Aunt Marvella was sailing to England.
She made the announcement before Grandma was even cold in the ground. At least, that’s what Mama said. Aunt Marvella’s mind must have been turned by grief.
Aunt Marvella took care of Grandma for years. As the youngest child, she was obligated to stay home and not marry. Grandma took a long time getting old and dying, but now Aunt Marvella was free. At least, that’s how I saw it. But, of course, no one was paying attention to a know-nothing fifteen year old.
My main concern was that Aunt Marvella get herself gone as soon as possible so as I didn’t have to sleep on the slippery horsehair sofa anymore. Aunt Marvella couldn’t stay up at the House all by her lonesome, not while Grandma’s passing was still fresh, so Mama gave her my room for the time being, and I got the sofa. If I wasn’t getting prickled by that sofa, I was sliding off in a tangle of blankets.
Aunt Marvella told us about the Tower of London, Buckingham Palace, and Big Ben. She had read about such places in books from the lending library. Apparently, she had also read about something called a “Bon Voyage party”, because as soon as the trip was set, she proclaimed that such an event would be forthcoming.
Mama cast Aunt Marvella a doubtful eye at this latest declaration. She said it wouldn’t be fitting to have a party so soon after burying Grandma, God have mercy. And who was to say what a Bon Voyage party rightly was?
Marvella said she’d been sitting around the House long enough, hemming teacloths and such, and making gruel morning, noon, and night. It was high time she saw a bit of the world, and a party to bid her “Bon Voyage” was very fitting.
Hmmph, was all Mama would say.
I said nothing. I was in awe of Aunt Marvella’s gumption.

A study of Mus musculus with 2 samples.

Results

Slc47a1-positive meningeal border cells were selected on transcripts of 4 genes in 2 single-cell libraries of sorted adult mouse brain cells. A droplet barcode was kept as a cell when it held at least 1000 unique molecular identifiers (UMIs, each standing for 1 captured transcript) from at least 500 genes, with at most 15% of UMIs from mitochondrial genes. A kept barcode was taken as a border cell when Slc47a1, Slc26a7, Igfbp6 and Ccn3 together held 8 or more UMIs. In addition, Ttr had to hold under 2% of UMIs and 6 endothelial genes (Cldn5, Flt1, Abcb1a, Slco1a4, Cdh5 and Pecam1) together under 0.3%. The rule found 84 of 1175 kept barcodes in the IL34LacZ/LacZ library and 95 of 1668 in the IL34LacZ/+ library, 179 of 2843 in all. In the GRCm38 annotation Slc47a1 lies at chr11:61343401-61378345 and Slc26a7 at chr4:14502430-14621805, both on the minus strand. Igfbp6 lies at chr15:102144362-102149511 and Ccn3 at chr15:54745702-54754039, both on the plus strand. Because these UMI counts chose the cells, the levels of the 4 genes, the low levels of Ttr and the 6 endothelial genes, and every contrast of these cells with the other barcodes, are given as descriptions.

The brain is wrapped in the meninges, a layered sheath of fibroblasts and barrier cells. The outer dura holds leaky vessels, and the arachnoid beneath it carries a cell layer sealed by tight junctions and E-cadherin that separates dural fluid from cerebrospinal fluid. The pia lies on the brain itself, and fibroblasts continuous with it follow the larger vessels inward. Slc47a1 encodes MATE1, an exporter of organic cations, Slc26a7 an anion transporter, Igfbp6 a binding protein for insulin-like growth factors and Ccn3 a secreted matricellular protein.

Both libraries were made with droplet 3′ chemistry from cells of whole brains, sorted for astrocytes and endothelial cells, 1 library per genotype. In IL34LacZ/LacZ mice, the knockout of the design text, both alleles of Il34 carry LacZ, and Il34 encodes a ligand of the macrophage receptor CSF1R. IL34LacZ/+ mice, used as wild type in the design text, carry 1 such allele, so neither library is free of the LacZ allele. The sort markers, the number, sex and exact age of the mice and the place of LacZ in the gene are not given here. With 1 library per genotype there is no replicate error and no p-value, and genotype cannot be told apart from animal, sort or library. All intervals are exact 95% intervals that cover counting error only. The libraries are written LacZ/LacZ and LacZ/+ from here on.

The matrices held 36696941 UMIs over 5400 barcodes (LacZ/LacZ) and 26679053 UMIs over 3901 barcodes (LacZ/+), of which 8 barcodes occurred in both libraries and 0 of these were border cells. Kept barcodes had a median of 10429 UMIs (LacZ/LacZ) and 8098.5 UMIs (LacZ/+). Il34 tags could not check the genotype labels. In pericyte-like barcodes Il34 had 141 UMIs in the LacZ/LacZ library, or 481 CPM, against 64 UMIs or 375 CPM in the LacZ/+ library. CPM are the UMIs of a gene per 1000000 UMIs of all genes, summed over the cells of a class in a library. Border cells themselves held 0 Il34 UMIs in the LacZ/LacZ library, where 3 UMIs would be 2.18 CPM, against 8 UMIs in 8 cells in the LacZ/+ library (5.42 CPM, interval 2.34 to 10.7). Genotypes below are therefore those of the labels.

One day, a trunk appeared on the veranda, delivered by Percy’s Mercantile, a thick layer of dust clouding the top. Obviously, Percy hadn’t had much call for steamer trunks for awhile. Mama glared at the trunk, as if it were somehow responsible for Aunt Marvella’s unseemly behaviour.
Aunt Marvella gathered up recipes for things like cucumber sandwiches and raspberry torte. I’d never heard of such things. She sent out invitations, her spidery script scrawling across each card.
The church ladies clustered together after service, whispering behind gloved hands, their bent heads wagging disapprovingly towards Aunt Marvella. Old biddies. Not a bit grateful to get an invitation to a party. The men were aloof, folding their arms across their chests and shaking their heads.
The day arrived. Mama and Aunt Marvella fretted and fussed with tablecloths, cake plates, and dessert forks. I was given the task of chipping ice for the lemonade punch.
The guests were expected at two o’clock. The Reverend Hawkins and his wife came first, and I ushered them into the front room where they ceremoniously settled themselves on the horsehair sofa. I smirked inwardly.
Scarcely anyone else came. The few guests sat stiff as pokers, occasionally running fingers around starched collars or fidgeting with bonnet strings. I figured none of them understood that this was a party; no one commenced any sort of merriment whatsoever.
Aunt Marvella graciously served sandwiches while attempting to amuse the guests with details of her impending journey. Their stony stares reflected indignant shock at her nerve. Why, the flowers on Grandma’s grave were barely wilted.
I sat in a corner and watched the goings-on while stuffing myself with deviled eggs and pecan tarts. I considered myself mighty fortunate that Aunt Marvella knew about such things as Bon Voyage parties.
If Aunt Marvella was disappointed at the skimpy turnout, she didn’t let on. Not a single “Bon Voyage” or even “fare-thee-well” was heard as the guests left, leaving us with enough soggy torte and flat punch to last a week.
Aunt Marvella did have the last laugh, though. While walking through the English countryside, she met a baron, and she became Lady Marvella. She got herself a bevy of girls to hem teacloths and such. She became a fine hostess, smiling her way through countless christenings, wedding receptions, coming-out balls, and yes, Bon Voyage parties.
As for me, I’m fixing to visit Aunt Marvella in faraway England. But first, I reckon I’ll give myself a Bon Voyage party.
The opinions expressed by authors may not necessarily reflect the opinion of FaithWriters.com.
If you died today, are you absolutely certain that you would go to heaven? You can be right now. CLICK HERE
JOIN US at FaithWriters for Free. Grow as a Writer and Spread the Gospel.